Malware writers often target vulnerabilities in browser plug-ins such as Adobe Flash and Java. Undisclosed vulnerabilities and zero-day exploits on plug-ins are a common occurrence. If you use Chrome you can take advantage of the browser’s built in PDF plug-in, plug-in blocking and sandboxing capabilities. This is what you need to do.

First, make sure you are running the latest developer build of Chrome, i.e. Chrome 7, because we are going to use some of its improved security features. (Click on the wrench icon and select ‘About Google Chrome’ to check the version number.)

Disable Adobe PDF Reader plug-in

Adobe’s PDF plug-in has been targeted by zero-day exploits twice in last three months. Last week’s exploit is already under attack. To protect yourself from the exploit and all future Adobe PDF vulnerabilities, disable the Adobe Reader plug-in on your browser.

You can do this by typing chrome://plugin in Chrome’s address bar and clicking on Disable against the Adobe Reader plug-in entry.

Enable Chrome PDF plug-in

Now that you have disabled the Adobe Reader plug-in you won’t be able to view PDF files within the browser. To get back this functionality, enable the built in PDF plug-in.

Type chrome://plugin in Chrome’s address bar or omnibox and simple click on Enable under Chrome PDF Viewer.


Allow only sandboxed plug-ins to run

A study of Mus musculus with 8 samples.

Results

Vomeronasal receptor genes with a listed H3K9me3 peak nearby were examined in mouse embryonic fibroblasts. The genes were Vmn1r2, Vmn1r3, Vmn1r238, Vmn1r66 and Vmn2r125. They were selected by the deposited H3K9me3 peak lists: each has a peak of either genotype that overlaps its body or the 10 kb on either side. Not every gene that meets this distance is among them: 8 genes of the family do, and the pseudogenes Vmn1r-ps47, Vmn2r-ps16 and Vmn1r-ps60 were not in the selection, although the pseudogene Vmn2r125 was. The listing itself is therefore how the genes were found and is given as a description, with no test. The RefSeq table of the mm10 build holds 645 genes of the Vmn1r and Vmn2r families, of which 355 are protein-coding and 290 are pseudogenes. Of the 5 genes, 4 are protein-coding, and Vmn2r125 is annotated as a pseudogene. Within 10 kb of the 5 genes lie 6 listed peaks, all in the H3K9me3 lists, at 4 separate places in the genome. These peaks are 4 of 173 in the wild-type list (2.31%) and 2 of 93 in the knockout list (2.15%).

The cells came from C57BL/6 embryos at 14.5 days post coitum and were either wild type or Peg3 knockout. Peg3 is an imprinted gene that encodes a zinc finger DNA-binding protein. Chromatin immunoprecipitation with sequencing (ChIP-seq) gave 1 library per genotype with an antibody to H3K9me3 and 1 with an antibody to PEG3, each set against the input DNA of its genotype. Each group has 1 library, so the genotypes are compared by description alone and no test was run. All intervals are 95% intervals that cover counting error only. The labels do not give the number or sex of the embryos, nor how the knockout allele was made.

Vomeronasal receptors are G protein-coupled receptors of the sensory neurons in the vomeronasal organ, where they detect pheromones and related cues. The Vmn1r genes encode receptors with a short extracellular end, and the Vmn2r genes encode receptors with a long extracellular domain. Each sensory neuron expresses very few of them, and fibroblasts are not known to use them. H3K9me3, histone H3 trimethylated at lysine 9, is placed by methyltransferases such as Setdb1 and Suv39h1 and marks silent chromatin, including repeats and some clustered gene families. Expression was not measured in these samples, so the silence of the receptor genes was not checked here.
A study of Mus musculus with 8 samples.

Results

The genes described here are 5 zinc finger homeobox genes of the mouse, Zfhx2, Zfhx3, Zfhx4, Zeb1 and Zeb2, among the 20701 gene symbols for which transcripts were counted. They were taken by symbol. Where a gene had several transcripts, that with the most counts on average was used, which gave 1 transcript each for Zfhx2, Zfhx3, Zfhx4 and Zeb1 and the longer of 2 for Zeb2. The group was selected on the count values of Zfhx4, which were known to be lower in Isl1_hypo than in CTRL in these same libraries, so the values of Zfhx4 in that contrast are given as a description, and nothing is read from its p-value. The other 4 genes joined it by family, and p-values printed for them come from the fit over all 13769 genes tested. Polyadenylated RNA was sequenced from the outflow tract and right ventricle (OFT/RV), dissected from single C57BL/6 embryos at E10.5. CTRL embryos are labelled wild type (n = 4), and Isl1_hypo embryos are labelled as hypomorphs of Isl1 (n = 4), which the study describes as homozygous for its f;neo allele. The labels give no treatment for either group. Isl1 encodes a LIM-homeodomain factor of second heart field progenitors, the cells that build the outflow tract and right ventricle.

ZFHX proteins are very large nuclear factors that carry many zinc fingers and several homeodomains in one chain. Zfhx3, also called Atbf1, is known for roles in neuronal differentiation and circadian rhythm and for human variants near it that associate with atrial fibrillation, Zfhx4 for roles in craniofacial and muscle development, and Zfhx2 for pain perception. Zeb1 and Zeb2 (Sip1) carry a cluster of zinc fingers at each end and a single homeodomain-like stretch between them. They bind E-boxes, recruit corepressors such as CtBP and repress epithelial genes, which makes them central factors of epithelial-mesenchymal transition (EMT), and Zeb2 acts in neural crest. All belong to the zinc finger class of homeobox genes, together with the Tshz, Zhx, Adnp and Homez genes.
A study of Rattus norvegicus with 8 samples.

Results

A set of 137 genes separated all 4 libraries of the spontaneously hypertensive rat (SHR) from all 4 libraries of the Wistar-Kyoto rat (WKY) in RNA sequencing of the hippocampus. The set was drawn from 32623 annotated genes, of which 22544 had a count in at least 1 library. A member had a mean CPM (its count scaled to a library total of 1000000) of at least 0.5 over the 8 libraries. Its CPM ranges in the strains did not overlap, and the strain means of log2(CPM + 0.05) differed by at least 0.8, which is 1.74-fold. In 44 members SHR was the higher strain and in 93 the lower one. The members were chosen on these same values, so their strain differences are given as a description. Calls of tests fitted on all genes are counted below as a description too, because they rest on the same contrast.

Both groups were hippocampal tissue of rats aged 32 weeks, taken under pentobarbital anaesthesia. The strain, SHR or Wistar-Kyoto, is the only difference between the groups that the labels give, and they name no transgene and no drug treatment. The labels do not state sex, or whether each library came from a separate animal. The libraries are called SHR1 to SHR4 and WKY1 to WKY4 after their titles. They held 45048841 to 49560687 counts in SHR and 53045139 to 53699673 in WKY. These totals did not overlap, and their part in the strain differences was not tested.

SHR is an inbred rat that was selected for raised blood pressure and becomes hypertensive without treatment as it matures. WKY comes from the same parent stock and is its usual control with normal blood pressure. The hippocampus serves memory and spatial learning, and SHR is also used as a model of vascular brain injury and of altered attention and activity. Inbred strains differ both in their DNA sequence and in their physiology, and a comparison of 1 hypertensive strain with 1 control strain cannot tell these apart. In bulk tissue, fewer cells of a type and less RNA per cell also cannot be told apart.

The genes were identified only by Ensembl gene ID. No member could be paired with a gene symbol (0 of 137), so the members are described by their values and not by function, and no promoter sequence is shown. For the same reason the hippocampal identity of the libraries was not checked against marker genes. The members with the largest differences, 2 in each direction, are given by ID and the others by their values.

Click on the wrench icon in Chrome and click on Options. Select the tab “Under the hood” and click on Content Settings.

Highlight Plug-ins. Choose the middle option – “Allow only sandboxed plugins”.


Once this option is turned on, any embedded objects that require a plug-in to run will be replaced with plug-in holder icon. Click on the icon to enable the plug-in. Additionally, an info bar appears on the top giving you the option to whitelist the domain from future plug-in blocking.

You can test this feature by visiting any YouTube page.


There you have it, a built in Flash blocker.

Get warned of out-of-date plug-ins

Periodically visit the chrome://plugin page and check the list of plug-ins installed. Chrome will issue a warning if newer updates of plug-ins are available for download.


Alternatively, you can install the Secbrowsing extension and get automatic alerts of out-of-date and vulnerable plugins.